How Comcast Could Build Philly Live! AND Keep The Wachovia Spectrum
One year ago, Comcast-Spectacor announced plans to build Philly Live!, a retail/entertainment district designed by the Cordish Company to be constructed in the Philadelphia Sports Complex beside the Wachovia Center.
However, the plans did not include the Wachovia Spectrum, as it would be demolished to make way for Philly Live! to be completed. Nothing was definite, but the thought of losing the Spectrum was alarming.
This week, however, Comcast-Spectacor finally made it official: Ed Snider announced that after the 2008-2009 hockey and indoor soccer season, the Spectrum would close its doors.
Built in 1967 under Ed Snider to house a new Philadelphia NHL team, the Spectrum served as the home of the Philadelphia Flyers and Philadelphia Sixers from 1967 until 1996, when the Wachovia Center was built across the parking lot.
However, rather than being demolished upon completion of the new arena as arenas such as Boston Garden were, the Spectrum became the new home of two new teams: the Flyers' AHL affiliate Philadelphia Phantoms, and a new indoor soccer team named the Philadelphia KiXX.
Assumably, the Phantoms and KiXX will be relocated after the season, with the Wachovia Center assuming all of the Spectrum's other events.
However, upon looking over the plans for Philly Live!, I noticed something intriguing: the only section of Philly Live! that will be placed on the plot of land currently occupied by the Spectrum is a hotel—the hotel that might not even end up as part of the final plan. The rest of Philly Live! would be built on top parts of the current parking lot.
This begs the question, "With all the open space in Sports Complex, why does a hotel have to be placed where the Spectrum is?"
This picture illustrates where Philly Live! will be constructed. I (shoddily) outlined in red the areas where Philly Live! is slated to be built. In blue, I outlined another feasible location for the hotel that would allow it to be just as accessible to the rest of the Sports Complex and Philly Live! itself, without sacrificing the Spectrum.
Why couldn't Cordish and Comcast-Spectacor have planned the project in this way in the first place? This is not a situation where an abandoned building is being demolished to make way for something else, as was with the Vet, with Boston Garden, and as will be with Yankee Stadium. This is a situation where two teams are being evicted from a stadium that houses over 100 events a year to make way for something else, even though the plans could be very easily repositioned to disallow this.
So what is the point here? Is Comcast-Spectacor no longer interested in paying for the Spectrum's upkeep for two minor league teams and concerts and other events that could be assumed into the more modern Wachovia Center?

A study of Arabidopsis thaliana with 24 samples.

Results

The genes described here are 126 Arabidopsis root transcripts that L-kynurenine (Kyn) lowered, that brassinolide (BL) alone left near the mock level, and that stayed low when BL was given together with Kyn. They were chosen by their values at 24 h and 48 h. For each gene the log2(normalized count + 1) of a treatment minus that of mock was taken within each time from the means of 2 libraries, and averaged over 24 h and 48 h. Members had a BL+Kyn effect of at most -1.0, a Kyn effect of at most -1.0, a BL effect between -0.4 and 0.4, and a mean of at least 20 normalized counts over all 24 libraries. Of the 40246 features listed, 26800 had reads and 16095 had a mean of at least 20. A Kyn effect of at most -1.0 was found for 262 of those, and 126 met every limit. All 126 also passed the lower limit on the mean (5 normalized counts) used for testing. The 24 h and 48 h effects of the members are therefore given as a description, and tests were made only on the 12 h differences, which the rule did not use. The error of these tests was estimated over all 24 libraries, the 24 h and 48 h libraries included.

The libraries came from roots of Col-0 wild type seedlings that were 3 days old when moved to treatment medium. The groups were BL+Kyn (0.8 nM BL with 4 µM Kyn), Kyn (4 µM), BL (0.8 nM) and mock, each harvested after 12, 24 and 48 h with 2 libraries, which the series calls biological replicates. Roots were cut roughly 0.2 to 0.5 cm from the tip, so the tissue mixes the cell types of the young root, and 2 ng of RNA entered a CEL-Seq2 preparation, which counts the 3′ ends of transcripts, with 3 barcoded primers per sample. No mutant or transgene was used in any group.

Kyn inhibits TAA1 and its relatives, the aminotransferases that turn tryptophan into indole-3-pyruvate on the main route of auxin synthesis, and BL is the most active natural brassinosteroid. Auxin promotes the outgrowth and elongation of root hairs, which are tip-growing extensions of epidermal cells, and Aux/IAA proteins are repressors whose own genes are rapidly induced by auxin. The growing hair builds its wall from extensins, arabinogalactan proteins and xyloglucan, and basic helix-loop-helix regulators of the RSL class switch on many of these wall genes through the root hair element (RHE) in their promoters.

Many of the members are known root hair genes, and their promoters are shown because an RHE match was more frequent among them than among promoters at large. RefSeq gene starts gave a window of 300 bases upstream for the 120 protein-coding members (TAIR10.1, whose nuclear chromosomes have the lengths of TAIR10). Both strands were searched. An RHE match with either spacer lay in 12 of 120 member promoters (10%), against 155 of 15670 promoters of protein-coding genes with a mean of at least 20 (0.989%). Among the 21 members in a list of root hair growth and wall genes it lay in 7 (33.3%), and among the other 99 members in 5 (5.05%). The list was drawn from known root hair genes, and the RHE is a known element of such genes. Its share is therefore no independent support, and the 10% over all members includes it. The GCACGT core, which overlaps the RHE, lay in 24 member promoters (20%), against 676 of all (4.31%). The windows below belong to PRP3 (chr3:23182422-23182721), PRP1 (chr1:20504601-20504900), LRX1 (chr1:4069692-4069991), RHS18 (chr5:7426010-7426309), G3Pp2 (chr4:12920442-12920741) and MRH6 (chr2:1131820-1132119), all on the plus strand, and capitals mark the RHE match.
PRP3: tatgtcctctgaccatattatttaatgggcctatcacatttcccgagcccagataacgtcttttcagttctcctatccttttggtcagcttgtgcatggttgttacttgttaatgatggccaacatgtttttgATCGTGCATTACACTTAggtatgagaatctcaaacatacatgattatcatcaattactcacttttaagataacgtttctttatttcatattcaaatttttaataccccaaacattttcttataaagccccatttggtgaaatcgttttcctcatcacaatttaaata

Comcast is a company that would seem to be loaded with money (judging by my cable/Internet/phone bill, at least). I would think that it would make more sense to move the hotel to the adjacent section of the parking lot and keep the Spectrum.
This prolongs the lifespan of the Wachovia Center by keeping events split into two stadiums, keeping the Wachovia Center from being overused like stadiums in other cities may be. This also keeps the Flyers and Sixers from having to take long road trips, such as the 17 game road trip the Flyers took in December of 2005 due to the Circus being held in the Wachovia Center.
Eventually, when the Wachovia Center becomes outdated, the Spectrum can then be demolished to make way for a new, even more modern stadium, while the Center can then assume the role of the minor league stadium, still holding concerts and the Monster Jam and the Ringling Brothers Circus as well as any minor league teams that may exist at that point while allowing the Flyers, Sixers, Wings and Soul to reside in the new stadium.
My biggest worry with Philly Live! is that it just turns out to be a fad that every city decides to build rather than the staple of South Philadelphia that it could be. It would be nothing short of a travesty if the Spectrum is demolished so that a hotel can be erected that is not necessarily needed.
This transcends sentimental value; this is an issue of unnecessarily evicting two teams and demolishing a functional arena. Don't mistake my intentions; I fully support building Philly Live! Judging by the plans and the descriptions given by Peter Luukko and Ed Snider, this could truly be great for the progress of Philadelphia as a whole. I just don't understand why the Spectrum needs to go for this to be achieved.
If Comcast is willing to demolish this Philadelphia landmark, hopefully they are replacing it with another true landmark. Hopefully they do this right, creating a place that will make me want to stay there and spend my money there rather than elsewhere before and after a game or a concert. Along with retail shops, this should have sports bars, restaurants, cheesesteak shops, maybe an ESPN Zone, a studio for Comcast SportsNet, and maybe even a small concert venue similar to the Electric Factory and the Trocadero.
In fact, this would be the perfect spot for one of Philadelphia's two casinos to be built. Rather than clogging traffic on Delaware Avenue along the waterfront, one could be placed in the Sports Complex where it could generate the most optimal amount of money.